US postdocs are "overworked, poorly paid, and stuck in jobs that don't advance their careers," writes Audrey Williams June at the Chronicle of Higher Education.
A new report from the National Academy of Sciences, the National Academy of Engineering, and the Institute of Medicine further finds that there are few incentives for the system to change.
"There is this sense that we have serious problems that need to be addressed," Weill Cornell Medical College's Gregory Petsko, who chaired the committee that wrote the report, tells the Chronicle.
Though there is a paucity of data collected on postdocs, what the group pulled together indicates that some changes in the treatment of postdocs have occurred since its 2000 report. For example, the report notes that a number of universities and funding agencies have created offices of postdoctoral affairs. Additionally, the National Science Foundation now requires that research proposals that include hiring a postdoc have to include a mentoring plan.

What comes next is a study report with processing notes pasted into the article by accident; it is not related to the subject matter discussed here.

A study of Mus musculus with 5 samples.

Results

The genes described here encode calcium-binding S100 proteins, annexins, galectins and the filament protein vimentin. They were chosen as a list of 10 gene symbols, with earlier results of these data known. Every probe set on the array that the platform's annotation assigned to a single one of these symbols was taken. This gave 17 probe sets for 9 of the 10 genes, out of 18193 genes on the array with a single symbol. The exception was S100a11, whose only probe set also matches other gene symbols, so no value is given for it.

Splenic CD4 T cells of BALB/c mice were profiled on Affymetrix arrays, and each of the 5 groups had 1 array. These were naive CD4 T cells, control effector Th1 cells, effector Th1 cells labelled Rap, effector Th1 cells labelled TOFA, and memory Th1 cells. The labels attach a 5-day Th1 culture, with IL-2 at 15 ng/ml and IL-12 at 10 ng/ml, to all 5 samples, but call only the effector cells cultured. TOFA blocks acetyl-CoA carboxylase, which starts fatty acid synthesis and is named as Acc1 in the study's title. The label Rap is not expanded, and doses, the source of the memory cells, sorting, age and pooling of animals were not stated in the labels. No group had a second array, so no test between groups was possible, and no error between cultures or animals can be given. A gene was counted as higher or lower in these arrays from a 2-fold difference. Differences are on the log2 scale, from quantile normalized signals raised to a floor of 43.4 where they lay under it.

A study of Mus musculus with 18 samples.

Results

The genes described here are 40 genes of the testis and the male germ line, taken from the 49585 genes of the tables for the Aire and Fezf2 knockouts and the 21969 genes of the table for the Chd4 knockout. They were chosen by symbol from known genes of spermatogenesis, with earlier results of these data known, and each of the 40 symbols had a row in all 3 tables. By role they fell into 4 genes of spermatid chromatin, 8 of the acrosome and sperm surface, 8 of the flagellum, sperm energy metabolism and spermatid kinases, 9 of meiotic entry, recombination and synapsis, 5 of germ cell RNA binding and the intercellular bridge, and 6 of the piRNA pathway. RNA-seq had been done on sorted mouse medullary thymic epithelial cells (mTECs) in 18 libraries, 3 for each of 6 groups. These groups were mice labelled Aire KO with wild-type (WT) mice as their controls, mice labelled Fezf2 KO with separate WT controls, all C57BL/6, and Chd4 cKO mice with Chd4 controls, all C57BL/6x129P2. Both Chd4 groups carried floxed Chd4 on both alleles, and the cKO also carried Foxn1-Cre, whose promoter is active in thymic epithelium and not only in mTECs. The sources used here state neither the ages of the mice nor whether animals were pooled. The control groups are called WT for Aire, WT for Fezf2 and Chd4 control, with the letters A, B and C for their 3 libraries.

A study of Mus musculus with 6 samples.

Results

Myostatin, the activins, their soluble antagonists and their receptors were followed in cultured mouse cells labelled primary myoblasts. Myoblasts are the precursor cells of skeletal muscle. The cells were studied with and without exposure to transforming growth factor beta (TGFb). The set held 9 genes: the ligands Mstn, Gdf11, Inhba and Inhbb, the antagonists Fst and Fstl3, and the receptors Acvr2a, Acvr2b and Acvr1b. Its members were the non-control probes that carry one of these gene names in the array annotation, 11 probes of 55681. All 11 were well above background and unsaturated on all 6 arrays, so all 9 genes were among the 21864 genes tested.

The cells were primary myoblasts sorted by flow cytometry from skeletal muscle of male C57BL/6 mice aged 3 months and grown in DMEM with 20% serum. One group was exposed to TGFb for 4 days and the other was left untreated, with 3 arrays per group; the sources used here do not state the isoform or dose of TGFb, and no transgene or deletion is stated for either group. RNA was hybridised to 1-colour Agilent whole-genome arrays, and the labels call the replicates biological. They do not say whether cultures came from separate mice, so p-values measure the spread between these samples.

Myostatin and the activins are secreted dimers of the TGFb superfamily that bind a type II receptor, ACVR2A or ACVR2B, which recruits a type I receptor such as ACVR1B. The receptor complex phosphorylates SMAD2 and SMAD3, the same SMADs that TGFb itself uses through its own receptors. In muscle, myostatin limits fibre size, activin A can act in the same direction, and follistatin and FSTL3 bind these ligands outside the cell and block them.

Going forward, the report calls for additional changes. For instance, it says that postdocs should receive $50,000 in salary that is adjusted each year for inflation and that the length of postdoc positions should be capped at five years.
The report also notes that, based on their career objectives, not every PhD recipient needs to pursue a postdoc position.
"The knee-jerk reaction for a lot of people is to go get a postdoc," Petsko adds at the Chronicle. "But the purpose of the postdoc should be for advanced training in research for those careers where advanced training in research is needed. There are plenty of scientific careers — science journalism, science policy, patent attorney—where you don't need to do a postdoc."